Trees cover large areas of the steep, south-facing slopes of the Mendip Hills, though much are relatively recent; Mascall's Wood, one mile east of Cheddar, is one of the few ancient woodlands, established here for at least several hundred years.
The original woodland is relatively small, about a quarter of a mile long and 500 feet wide, spanning 150 feet of elevation, and contains lime, oak and ash trees, plus smaller numbers of beech, whitebeam and yew. The trees, however, have expanded somewhat over the years, especially on the north side, and all edges grade into species-rich limestone grassland. The wood, and some overgrown meadows to the southwest once used to grow strawberries, are part of a 15 acre nature reserve, not so much visited since there is no direct road access.
Purple gromwell is the rarest wildflower, growing at just one site, while some of the commoner ancient woodland species are widespread, especially wild garlic and bluebell, both of which cover large areas of the ground in spring; the garlic is prominent towards the south and east where the ground is moister, while bluebells dominate the higher elevations to the north.
The quickest access to Mascall's Wood is from the south, along a track from Bradley Cross, a small village with limited parking; one possible location is a layby along Bradley Cross Lane, from where a gate at the southeast entrance to the nature reserve is 0.3 miles away. An alternative approach, also 0.3 miles, starts from Cheddar, on Lippitt Lane, along a well used path that connects to the West Mendip Way, which passes close to the western edge, while a rather longer though more scenic route, with easier parking, is from Black Rock in the north, along the B3135; from here the west edge of the wood is one mile away, walking up a steep, wooded slope then across the high grasslands bordering the east rim of Cheddar Gorge.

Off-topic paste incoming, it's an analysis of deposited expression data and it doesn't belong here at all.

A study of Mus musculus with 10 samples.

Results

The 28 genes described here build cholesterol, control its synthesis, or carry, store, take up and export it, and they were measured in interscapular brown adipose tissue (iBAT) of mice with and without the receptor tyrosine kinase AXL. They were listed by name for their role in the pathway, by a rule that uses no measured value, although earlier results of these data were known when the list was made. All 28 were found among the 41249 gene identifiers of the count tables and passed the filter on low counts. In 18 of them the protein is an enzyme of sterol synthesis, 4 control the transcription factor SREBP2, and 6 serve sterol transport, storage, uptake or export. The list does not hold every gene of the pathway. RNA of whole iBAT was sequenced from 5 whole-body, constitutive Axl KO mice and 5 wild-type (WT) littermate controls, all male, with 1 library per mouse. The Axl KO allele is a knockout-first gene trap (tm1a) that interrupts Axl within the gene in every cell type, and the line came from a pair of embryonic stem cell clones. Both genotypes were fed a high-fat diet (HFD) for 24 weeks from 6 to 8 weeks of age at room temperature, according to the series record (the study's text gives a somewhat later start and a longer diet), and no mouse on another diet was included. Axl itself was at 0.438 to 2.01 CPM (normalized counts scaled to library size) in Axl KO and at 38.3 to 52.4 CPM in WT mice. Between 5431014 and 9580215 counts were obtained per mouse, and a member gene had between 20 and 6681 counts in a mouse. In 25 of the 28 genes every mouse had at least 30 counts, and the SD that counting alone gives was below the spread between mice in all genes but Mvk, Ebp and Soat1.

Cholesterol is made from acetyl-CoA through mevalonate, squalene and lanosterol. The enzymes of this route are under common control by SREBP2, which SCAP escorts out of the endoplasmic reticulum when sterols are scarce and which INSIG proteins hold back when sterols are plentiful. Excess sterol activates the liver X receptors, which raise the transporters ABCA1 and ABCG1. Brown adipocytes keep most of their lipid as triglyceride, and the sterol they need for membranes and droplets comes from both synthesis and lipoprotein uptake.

The West Mendip Way skirts the top of the wood and, after a junction, also runs past to the south, along the edge of the reserve, past the former strawberry fields. A narrower path enters the wood itself, crossing close to the south edge and linking with a second that climbs the slopes to the east. Lesser paths explore uphill areas, one following the ancient stone wall which defines the northern boundary of the original wood, now mostly bordered by more recent trees on the far side. One other stone structure within the woodland is a ruined limekiln, towards the southwest corner.